The Spinal Cord
The spinal column is the body’s main support structure. It has thirty-three bones, called vertebrae, which are divided into five regions: cervical, thoracic, lumbar, sacral and coccygeal. It surrounds and protects your spinal cord much like a conduit around an electrical cord. The spinal cord is a bundle of nerves that run from your brain through your spinal column and branch out to the rest of the body. The spinal cord connects the brain to the rest of the body.
Anatomy of the Spine: Vertebral Bones
Each vertebra has a large, cylinder-shaped body and a vertebral arch, known as the vertebral body. The arch can be further subdivided into the spinous process (the bone that you can feel sticking out) and facet joints that wing out to the sides. Seen from above, a vertebra looks like a giant head with three pieces sticking out and a hole in the middle. Muscles, ligaments, and discs attach to various parts of the vertebra.
The space between the vertebral body and the arch is the spinal canal, for your spinal cord. If this canal narrows, due to disease, for example, it can squeeze the spinal cord and cause pain. There are other openings among the stacked vertebrae, too. Spaces called intervertebral foramina are where nerve roots branch out of the spinal cord.
Five Main Areas of the Spine
When healthcare professionals refer to the different parts of the spine, they reference them by the five main areas (cervical, thoracic, lumbar, sacral and coccygeal). Each bone within an area has its own number.
- The cervical region consists of seven vertebrae labeled C1 to C7. The first two cervical vertebrae form the joint that connects the spine to the skull and allows the head to swivel and nod.
- The thoracic region, located in the mid-back, consists of twelve vertebrae labeled T1 to T12. These vertebrae serve as attachment points for the ribcage.
- The lumbar region, commonly called the lower back, consists of five vertebrae labeled L1 to L5. This is the main weight-bearing section of the spinal column.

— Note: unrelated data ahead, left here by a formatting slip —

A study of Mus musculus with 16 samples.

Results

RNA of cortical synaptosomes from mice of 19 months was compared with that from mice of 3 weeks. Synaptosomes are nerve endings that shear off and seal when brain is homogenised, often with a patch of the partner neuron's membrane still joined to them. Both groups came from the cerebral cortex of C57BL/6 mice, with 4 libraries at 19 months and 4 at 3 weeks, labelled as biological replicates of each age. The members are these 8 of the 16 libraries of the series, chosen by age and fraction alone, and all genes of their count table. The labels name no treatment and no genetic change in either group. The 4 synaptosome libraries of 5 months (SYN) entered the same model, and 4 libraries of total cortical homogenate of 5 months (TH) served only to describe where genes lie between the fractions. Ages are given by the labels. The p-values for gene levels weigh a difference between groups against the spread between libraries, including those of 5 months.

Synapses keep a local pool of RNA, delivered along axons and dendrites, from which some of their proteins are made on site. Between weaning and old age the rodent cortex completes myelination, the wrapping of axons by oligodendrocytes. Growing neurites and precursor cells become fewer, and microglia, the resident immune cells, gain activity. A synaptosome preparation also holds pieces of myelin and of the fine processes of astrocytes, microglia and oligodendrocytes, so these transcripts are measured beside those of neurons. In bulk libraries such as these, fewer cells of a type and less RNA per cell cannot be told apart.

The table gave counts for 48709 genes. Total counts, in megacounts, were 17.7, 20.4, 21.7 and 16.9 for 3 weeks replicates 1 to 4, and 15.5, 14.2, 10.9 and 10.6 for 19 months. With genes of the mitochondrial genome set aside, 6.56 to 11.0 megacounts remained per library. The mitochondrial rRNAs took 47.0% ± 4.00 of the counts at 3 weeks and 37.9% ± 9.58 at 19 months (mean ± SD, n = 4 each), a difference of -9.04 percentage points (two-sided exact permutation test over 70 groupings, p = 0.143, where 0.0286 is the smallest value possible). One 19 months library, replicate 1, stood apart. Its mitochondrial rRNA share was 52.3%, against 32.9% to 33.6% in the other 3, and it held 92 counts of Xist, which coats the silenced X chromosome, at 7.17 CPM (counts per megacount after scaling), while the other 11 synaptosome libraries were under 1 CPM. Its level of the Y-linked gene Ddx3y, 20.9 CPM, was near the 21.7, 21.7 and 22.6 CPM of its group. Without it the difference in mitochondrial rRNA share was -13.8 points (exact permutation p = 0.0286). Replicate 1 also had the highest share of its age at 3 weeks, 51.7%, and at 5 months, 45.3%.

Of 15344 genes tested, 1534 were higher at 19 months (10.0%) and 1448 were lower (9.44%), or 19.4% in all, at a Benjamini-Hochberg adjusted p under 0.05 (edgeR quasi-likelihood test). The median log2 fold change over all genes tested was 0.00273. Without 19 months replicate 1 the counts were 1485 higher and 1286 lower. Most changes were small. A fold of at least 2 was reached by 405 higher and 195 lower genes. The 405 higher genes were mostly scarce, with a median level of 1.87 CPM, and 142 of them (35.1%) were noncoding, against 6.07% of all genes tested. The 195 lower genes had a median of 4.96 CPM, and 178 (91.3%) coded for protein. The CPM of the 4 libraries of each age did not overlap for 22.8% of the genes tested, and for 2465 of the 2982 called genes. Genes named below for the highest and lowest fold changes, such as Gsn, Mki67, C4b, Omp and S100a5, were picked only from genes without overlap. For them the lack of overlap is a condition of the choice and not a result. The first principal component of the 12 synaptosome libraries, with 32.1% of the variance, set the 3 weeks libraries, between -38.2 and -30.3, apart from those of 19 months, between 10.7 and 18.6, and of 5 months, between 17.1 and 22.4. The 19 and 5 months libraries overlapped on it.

- The sacral region consists of five fused vertebrae labeled S1 to S5. These vertebrae form a solid mass of bone, called the sacrum, which provides the attachment point for the pelvis.
- The coccygeal region, commonly called the tailbone, consists of four small vertebrae. These tiny bones may be fused or separate. Together they form the coccyx, an attachment point for various muscles, tendons and ligaments. The coccyx also helps support the body when a person is sitting.
All together, the vertebrae of the spine’s five regions support the weight of the body and protect the spinal cord and nerve roots.
Anatomy of the Vertebra
Each individual vertebra has a complex set of structures necessary to the overall function of the spine. The main structure of a vertebra is the vertebral body — a cylinder-shaped section of bone at the front of the vertebra. It is the main weight-bearing section of the vertebra.
Behind the vertebral body is the vertebral canal. The spinal cord travels through this channel. The spinal cord ends near the L1 and L2 vertebrae, where it divides into bundles of nerve roots called the cauda equina. Exiting the sides of the spine are nerve roots, thick nerve branches that transmit signals between the spinal cord and the other parts of the body.
On either side of the vertebral canal are pedicle bones, which connect the vertebral body to the lamina. The lamina create the outer wall of the vertebral canal, covering and protecting the spinal cord. Protruding from the back of the lamina is the spinous process. It provides an attachment point for muscles and ligaments that move and stabilize the vertebrae.
Transverse processes protrude from the sides of each vertebra. Muscles and ligaments that move and stabilize the vertebrae attach to the transverse processes. The articular facets form the joints where each vertebra connects with the vertebrae above and below it. Each vertebra has four facets. The facet joints have a covering of cartilage, which allows movement. Between the vertebral bodies are the tough, elastic spinal discs. They provide a flexible cushion, allowing the vertebrae to bend and twist. Each disc has a tough outer wall and a soft interior.